Pressure was exerted on Bob Diamond to quit his role as CEO of Barclays bank by the governor of the Bank of England, it has been reported.
According to the BBC, a telephone call was placed on Monday to Marcus Agius from the Bank of England in which Mervyn King expressed his wish that Diamond resign from his £6m-a-year post.
Did Mervyn King push for Diamond's resignation?
Posting on Twitter, Robert Peston, the BBC's business editor, said that the governor of the Bank of England and the chairman of the FSA had "made clear to Barclays" they would be happy to see Diamond go.
In a statement from Barclays on Tuesday morning, it was annouced that Diamond had resigned, and Agius, who on Monday had also quit, was to return to the lender in the position of executive chairman until a new CEO is appointed..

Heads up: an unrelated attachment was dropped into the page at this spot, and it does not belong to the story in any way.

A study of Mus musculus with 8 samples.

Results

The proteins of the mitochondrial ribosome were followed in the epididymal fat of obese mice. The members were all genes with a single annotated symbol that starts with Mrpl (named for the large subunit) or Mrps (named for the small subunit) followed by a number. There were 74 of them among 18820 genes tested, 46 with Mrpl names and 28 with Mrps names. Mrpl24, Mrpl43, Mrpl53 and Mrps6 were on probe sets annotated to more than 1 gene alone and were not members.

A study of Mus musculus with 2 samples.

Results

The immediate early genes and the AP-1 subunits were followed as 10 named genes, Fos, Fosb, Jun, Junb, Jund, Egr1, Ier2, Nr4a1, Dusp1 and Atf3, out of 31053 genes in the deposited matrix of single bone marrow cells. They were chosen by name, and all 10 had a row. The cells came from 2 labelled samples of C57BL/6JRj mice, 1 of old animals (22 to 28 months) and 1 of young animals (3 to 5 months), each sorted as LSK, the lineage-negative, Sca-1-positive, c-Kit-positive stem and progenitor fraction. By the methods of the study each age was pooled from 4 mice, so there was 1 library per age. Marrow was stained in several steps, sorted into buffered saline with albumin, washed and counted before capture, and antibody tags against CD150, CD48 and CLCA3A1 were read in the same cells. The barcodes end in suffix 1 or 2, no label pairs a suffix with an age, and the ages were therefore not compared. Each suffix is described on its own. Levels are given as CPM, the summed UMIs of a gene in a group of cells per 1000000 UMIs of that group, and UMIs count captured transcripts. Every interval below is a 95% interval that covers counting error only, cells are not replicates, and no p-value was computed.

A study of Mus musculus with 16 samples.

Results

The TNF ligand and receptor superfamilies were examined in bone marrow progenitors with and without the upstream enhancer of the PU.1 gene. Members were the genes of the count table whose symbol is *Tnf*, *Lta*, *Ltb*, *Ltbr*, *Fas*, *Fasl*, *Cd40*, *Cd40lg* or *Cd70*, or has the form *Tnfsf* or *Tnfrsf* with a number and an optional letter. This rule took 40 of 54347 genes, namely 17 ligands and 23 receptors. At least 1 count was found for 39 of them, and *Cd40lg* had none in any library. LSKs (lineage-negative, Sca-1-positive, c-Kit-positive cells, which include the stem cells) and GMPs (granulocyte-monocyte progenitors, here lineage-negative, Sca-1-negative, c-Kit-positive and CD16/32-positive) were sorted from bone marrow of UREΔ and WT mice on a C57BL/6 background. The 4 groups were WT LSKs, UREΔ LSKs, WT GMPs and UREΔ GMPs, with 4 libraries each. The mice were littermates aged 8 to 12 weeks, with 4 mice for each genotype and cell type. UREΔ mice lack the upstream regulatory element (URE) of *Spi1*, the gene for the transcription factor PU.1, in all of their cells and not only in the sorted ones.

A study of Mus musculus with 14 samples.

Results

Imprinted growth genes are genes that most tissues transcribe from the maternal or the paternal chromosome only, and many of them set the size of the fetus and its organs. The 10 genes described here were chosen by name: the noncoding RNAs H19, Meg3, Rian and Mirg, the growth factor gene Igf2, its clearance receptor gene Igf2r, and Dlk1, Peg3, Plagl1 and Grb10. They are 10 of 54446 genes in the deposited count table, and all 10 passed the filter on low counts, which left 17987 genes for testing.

Agius admitted in an interview with Sky News on Thursday that he had known that Libor-fixing had been going on at the bank for two years.
In his resignation letter, Diamond, once described as the "unacceptable face of banking" by Lord Mandelson, said: "The external pressure placed on Barclays has reached a level that risks damaging the franchise - I cannot let that happen.
"I am deeply disappointed that the impression created by the events announced last week about what Barclays and its people stand for could not be further from the truth."
Agius backed the statement, telling Sky News that Diamond quit after "something snapped last night."
Speaking on BBC Radio 4's Today programme on Tuesday, Chancellor George Osborne said Diamond’s resignation was “the right decision for Barclays” and the “right decision for the country”.
In a statement, Labour leader Ed Miliband said that Diamond's resignation was "necessary and right," adding: "It was clear Bob Diamond was not the man to lead the change that Barclays needed.